IP and Children, in the Wilderness

Michael Chabon has an elegiac  essay in the New York Review of Books (“Manhood for Amateurs: The Wilderness of Childhood”) on what is denied to our children:

This is the kind of door-to-door, all-encompassing escort service that we adults have contrived to provide for our children. We schedule their encounters for them, driving them to and from one another’s houses so they never get a chance to discover the unexplored lands between. If they are lucky, we send them out to play in the backyard, where they can be safely fenced in and even, in extreme cases, monitored with security cameras. When my family and I moved onto our street in Berkeley, the family next door included a nine-year-old girl; in the house two doors down the other way, there was a nine-year-old boy, her exact contemporary and, like her, a lifelong resident of the street. They had never met.

The sandlots and creek beds, the alleys and woodlands have been aban- doned in favor of a system of reservations—Chuck E. Cheese, the Jungle, the Discovery Zone: jolly internment centers mapped and planned by adults with no blank spots aside from doors marked staff only. When children roller-skate or ride their bikes, they go forth armored as for battle, and their parents typically stand nearby.

There are reasons for all of this. The helmeting and monitoring, the corralling of children into certified zones of safety, is in part the product of the Consumer Reports mentality, the generally increased consciousness, in America, of safety and danger. To this one might add the growing demands of insurance actuarials and the national pastime of torts. But the primary reason for this curtailing of adventure, this closing off of Wilderness, is the increased anxiety we all feel over the abduction of children by strangers; we fear the wolves in the Wilderness. This is not a rational fear; in 1999, for example, according to the Justice Department, the number of abductions by strangers in the United States was 115. Such crimes have always occurred at about the same rate; being a child is exactly no more and no less dangerous than it ever was. What has changed is that the horror is so much better known. At times it seems as if parents are being deliberately encouraged to fear for their children’s lives, though only a cynic would suggest there was money to be made in doing so.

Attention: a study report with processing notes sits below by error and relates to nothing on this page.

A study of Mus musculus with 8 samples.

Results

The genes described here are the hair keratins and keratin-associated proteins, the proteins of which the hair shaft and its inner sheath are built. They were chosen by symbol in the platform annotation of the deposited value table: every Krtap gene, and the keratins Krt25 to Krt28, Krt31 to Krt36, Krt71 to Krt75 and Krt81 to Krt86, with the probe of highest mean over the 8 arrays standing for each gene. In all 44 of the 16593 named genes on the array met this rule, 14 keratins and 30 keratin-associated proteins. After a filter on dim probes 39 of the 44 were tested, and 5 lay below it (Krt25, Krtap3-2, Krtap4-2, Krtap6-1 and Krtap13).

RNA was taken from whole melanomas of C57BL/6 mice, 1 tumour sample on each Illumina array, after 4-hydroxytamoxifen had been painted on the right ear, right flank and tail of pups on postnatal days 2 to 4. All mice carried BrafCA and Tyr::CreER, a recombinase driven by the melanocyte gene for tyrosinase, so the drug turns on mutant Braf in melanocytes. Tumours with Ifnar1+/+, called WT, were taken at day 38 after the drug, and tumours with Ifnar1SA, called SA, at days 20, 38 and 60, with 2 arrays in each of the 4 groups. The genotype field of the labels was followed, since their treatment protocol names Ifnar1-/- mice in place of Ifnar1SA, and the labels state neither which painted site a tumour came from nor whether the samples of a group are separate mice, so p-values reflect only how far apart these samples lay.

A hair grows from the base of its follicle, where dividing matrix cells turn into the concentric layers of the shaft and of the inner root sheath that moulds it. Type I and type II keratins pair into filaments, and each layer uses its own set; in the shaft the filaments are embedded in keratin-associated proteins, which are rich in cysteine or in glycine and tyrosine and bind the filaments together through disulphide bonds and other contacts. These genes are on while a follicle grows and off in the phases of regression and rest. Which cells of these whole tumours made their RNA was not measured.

As I read and recognized what Chabon describes, I realized that much of it could be a useful metaphor for similar changes in copyright law and policy over the last 20 or 30 years.  The analogy might resonate more strikingly for those inclined to view works of authorship as the metaphorical “children” of their authors, but the parenting analogy aside, it’s clear that authors and publishers express a great deal of anxiety about what happens when creative works are “out there,” free from monitoring, monetizing, and control — though it’s not clear that the level of risk is greater than it was before, as opposed to being more salient and starkly described.